Treasury rakes in record amount of tax after Rishi Sunak’s stealth raids

NI receipts totaled £157bn, up almost 10pc on the prior year even before higher rates came from April. Capital gains duties paid on investment profits rose a third to almost £15bn, while the Treasury’s take of divisive 40pc death duties reached a record £6bn, driven up by higher house prices.

VAT was up 30pc for the year, with receipts hitting a record £132.5bn, while the pandemic property boom pushed stamp duty land taxes up almost two thirds to a fresh £14bn high.

Feeling the freeze

Katherine Arthur of tax firm Haysmacintyre said the tax haul would rise further still as frozen thresholds failed to keep pace with inflation, which has hit it highest for 30 years, while house prices are still increasing at an annual rate of more than 10pc.

She added that higher NI rates would also result in workers taking home less each month, just as they are faced with covering the cost of higher energy, fuel and food bills.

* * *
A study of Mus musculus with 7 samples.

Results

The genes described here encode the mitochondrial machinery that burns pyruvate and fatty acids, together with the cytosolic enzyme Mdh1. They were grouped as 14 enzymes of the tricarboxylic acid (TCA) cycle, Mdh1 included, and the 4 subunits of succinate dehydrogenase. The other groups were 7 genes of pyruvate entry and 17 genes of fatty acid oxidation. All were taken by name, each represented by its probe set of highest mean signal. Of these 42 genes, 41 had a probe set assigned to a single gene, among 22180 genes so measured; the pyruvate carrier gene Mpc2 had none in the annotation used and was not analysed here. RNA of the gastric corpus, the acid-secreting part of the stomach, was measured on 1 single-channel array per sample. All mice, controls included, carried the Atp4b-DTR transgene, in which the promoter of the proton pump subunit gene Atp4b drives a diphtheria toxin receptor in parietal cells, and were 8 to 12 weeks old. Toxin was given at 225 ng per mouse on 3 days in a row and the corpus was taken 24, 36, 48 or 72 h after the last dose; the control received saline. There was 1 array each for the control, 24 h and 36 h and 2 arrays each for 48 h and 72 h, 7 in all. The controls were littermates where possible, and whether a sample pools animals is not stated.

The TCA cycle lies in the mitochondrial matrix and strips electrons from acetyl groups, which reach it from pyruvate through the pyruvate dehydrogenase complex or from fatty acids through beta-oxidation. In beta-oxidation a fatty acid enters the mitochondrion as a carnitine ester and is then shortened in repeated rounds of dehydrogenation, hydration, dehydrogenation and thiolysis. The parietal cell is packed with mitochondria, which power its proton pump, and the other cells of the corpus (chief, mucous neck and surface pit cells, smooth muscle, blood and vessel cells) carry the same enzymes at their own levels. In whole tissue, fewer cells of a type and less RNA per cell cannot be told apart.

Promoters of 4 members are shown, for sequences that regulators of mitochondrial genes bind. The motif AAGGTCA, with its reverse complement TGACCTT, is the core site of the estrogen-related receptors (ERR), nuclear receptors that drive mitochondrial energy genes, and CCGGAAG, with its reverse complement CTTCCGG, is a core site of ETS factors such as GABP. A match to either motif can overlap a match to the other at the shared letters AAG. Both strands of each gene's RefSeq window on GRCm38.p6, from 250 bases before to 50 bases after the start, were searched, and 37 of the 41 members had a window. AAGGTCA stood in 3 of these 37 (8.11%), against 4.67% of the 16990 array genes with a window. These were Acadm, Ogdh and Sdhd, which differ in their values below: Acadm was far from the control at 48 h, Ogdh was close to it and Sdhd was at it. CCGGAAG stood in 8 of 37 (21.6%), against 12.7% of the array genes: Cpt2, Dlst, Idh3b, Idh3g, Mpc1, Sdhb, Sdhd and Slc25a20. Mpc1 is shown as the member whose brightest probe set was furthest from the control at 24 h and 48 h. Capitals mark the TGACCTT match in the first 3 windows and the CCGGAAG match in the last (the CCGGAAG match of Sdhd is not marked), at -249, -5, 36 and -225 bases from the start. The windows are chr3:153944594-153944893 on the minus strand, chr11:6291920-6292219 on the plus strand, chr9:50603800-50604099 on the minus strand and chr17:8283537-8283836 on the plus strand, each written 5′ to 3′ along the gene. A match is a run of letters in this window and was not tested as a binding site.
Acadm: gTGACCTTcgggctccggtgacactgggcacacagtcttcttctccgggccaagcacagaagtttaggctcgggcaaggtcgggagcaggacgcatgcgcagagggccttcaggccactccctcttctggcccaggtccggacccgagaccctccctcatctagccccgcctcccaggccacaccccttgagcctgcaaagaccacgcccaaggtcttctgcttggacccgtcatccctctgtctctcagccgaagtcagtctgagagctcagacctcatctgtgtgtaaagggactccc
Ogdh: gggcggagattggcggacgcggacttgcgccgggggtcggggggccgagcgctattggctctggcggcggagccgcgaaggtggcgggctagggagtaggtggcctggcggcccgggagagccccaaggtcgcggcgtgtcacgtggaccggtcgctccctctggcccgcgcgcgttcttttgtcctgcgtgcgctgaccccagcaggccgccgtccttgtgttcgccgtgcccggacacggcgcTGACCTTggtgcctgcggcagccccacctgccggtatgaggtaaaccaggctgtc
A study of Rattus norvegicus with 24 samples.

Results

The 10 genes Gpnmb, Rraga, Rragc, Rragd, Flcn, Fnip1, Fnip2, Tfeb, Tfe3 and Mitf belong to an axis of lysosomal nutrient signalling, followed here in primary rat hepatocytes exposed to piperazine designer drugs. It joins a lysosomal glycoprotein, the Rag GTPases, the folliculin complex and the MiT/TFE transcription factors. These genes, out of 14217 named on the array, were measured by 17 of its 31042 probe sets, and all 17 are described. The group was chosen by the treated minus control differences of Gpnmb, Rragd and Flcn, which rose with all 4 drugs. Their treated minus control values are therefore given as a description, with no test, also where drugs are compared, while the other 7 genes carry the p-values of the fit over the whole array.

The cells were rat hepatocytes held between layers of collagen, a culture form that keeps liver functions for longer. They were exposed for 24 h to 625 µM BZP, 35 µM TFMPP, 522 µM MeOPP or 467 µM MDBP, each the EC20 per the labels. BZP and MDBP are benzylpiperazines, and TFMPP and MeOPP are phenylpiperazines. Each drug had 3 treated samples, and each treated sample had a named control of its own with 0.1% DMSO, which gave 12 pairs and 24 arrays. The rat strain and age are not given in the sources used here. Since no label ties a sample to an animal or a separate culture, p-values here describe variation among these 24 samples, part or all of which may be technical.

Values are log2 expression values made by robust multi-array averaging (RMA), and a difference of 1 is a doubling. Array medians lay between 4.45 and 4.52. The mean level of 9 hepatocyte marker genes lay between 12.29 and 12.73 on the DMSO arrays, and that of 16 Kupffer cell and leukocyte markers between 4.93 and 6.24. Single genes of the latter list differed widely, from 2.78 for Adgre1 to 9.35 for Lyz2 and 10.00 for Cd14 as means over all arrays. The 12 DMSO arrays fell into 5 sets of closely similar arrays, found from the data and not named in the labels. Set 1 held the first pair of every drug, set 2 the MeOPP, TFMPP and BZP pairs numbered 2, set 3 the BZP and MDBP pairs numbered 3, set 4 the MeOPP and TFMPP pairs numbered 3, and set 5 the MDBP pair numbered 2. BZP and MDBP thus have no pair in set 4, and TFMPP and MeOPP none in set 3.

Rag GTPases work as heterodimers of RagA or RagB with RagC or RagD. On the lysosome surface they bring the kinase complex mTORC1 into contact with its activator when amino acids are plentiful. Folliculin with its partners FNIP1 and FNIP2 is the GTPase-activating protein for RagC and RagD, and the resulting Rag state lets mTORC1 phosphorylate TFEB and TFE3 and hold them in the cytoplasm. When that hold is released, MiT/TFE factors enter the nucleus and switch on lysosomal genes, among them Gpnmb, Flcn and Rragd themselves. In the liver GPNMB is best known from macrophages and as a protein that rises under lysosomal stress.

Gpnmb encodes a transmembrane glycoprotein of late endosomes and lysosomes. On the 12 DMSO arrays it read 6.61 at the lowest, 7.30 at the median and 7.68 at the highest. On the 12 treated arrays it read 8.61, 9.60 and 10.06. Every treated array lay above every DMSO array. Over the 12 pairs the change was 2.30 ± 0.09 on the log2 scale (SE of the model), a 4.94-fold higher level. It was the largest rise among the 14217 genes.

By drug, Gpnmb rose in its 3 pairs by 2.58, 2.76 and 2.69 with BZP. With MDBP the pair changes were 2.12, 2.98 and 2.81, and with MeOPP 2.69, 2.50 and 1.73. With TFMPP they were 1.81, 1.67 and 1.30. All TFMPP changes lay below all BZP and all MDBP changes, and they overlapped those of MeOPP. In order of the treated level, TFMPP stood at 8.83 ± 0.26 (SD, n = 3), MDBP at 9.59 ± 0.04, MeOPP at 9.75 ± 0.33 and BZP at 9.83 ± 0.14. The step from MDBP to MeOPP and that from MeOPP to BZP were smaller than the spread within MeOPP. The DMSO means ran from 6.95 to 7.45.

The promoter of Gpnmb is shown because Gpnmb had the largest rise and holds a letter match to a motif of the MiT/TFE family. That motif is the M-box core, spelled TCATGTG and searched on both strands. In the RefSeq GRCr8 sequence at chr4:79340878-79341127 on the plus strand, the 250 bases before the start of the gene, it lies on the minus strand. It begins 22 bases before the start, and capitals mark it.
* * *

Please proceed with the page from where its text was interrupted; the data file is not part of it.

“With more and more individuals now feeling the pinch of the cost of living crisis, the Chancellor is likely to be under increased pressure to alleviate the enlarged tax burden that ordinary Britons are facing in the months ahead,” she said.

Maintaining the £12,570 personal allowance for income tax at its current level until 2026 will generate an extra £20bn for the Treasury over the next five years alone, documents from the 2021 Budget show. The £12,300 CGT allowance and the main £325,000 IHT tax break will also stay the same.

The Chancellor has already announced council tax rebates to help families with rising bills and NI thresholds will rise to £12,570 from July, offsetting tax rises for many – although anyone earning more than around £40,000 will still pay more.